Source | FastCompany : By Laura Vanderkam
In this era of frequent testing, schools get a dizzying quantity of data about their students. Figuring out what to do with it, though, is more complicated than collecting it.
The Data Wise Project at Harvard University began with the goal of helping schools make better use of test results. Then, over the years, the researchers noticed something. Some schools were able to make a lot of progress, and some weren’t. Those that were making progress tended to structure their meetings in a certain way. So, says Kathy Boudett of the Harvard Graduate School of Education, the team wanted to know, “What’s happening in those meetings that’s making such a huge difference in who can improve student learning and who can’t?”
They reviewed notes from hundreds of meetings over five years and, for a book Boudett cowrote called Meeting Wise, created a checklist on how to conduct an effective one. Some aspects of effective meetings are well-known (e.g., appoint a timekeeper). But here are two others the researchers found that might not be on your agenda.
People are going to chat about their weekends and the latest news anyway. This is human nature. But one of two things tends to happen. Either the check-in time bleeds into the whole meeting, derailing other conversations, or somebody cuts it off right away with the admonition that no one has time for this. That early confrontation can set a bad tone for the whole meeting.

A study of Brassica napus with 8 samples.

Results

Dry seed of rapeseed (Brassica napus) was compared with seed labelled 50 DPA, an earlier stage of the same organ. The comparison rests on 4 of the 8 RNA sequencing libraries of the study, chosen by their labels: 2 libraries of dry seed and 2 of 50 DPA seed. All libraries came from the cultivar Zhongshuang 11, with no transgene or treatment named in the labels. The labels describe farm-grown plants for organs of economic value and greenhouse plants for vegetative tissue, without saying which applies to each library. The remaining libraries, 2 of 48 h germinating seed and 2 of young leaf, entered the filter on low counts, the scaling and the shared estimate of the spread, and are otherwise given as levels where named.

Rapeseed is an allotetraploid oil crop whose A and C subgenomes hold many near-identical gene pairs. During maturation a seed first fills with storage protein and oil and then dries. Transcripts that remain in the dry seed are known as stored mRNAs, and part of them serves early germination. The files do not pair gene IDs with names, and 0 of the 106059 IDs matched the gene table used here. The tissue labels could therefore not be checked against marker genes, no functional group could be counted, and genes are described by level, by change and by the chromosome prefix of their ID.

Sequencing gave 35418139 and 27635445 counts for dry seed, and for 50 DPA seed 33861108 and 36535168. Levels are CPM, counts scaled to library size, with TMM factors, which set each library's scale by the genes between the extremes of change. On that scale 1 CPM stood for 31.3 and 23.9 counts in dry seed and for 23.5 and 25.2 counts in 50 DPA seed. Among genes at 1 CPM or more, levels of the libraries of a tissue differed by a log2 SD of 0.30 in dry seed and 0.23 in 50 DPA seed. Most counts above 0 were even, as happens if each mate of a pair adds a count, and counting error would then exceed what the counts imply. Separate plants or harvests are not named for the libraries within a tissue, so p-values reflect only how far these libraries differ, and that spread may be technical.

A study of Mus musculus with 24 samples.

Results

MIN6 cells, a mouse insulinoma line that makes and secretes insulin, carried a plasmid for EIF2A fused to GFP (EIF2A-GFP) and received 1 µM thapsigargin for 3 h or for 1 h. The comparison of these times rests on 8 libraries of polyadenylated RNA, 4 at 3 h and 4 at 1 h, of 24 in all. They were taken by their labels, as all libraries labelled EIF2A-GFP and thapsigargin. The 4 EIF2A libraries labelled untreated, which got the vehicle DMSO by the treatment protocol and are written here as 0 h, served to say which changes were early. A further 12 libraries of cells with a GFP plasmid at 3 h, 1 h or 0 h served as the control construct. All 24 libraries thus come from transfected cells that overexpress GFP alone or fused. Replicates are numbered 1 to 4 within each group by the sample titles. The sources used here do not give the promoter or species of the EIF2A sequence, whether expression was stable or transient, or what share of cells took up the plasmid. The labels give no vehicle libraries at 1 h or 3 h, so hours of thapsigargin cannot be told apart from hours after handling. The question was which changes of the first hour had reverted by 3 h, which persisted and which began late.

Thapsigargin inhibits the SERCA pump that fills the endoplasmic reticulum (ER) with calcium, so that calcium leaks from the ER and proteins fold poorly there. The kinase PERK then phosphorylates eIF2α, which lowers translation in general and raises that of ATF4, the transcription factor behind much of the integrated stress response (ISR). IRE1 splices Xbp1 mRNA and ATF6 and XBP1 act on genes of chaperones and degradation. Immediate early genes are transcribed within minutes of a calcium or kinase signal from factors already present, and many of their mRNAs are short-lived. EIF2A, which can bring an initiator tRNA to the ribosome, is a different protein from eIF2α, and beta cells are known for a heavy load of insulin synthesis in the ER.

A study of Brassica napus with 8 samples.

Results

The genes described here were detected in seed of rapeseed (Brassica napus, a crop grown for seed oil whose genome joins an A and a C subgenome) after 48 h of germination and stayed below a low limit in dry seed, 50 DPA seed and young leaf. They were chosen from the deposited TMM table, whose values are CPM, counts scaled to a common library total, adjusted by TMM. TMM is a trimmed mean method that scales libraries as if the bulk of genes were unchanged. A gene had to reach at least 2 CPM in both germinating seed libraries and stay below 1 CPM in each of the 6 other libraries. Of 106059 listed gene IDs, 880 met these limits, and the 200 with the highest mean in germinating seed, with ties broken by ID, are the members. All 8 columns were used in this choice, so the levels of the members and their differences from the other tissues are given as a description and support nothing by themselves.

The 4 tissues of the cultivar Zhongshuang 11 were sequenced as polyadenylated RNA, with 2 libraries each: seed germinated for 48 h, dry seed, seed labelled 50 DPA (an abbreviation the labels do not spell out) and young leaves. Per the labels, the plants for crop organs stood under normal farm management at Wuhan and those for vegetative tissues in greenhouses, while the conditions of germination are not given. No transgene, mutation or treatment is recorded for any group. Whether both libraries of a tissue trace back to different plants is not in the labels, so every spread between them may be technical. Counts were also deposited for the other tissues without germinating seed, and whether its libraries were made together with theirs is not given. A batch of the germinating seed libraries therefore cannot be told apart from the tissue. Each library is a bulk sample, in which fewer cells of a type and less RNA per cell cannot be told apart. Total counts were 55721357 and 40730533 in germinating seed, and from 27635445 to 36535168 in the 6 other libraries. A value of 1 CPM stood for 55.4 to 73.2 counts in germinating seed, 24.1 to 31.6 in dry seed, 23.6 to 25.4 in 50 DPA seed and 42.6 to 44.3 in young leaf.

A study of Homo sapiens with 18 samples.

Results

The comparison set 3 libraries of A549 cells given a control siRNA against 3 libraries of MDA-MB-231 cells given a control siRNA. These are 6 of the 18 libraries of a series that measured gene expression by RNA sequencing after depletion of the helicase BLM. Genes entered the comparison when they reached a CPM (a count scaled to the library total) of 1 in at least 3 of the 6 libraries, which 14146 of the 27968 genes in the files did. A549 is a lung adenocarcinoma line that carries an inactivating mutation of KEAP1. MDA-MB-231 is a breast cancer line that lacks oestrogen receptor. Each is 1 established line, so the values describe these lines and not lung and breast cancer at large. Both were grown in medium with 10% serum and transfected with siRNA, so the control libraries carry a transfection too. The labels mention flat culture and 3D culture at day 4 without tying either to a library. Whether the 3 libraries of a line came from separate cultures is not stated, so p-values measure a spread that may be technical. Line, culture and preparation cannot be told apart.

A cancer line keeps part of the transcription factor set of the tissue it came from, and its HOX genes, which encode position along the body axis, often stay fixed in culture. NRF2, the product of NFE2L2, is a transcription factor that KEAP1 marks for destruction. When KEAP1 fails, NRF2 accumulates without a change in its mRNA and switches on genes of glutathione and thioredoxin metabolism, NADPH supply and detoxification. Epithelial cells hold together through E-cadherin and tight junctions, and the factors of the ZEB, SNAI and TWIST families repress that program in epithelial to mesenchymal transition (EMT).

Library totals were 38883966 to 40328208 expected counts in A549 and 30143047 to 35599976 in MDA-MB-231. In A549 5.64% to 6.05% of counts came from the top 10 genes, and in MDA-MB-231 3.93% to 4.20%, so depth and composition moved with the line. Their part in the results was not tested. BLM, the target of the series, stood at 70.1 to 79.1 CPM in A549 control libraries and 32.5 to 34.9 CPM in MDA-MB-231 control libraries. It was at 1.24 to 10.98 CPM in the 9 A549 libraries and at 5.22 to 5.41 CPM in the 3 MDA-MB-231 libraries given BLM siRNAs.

Instead, put five minutes at the start of the meeting for socializing and catching up. “When you put it on the agenda as something that has an end time, with a timekeeper who’s in charge of saying we’re done with that, it definitely keeps it bounded,” says Boudett. But more importantly, getting to know your fellow meeting goers has an upside. “We saw that people might have a misconception that to have an efficient meeting, it needs to be all business,” says Boudett, when in reality, good decisions require trusting each other.
As her colleague Meghan Lockwood puts it, “We’re asking people to open up their practices to one another, to push each other to improve, and that just can’t happen without trust.” In other words, letting people share something about their lives “is an incredibly efficient use of time.”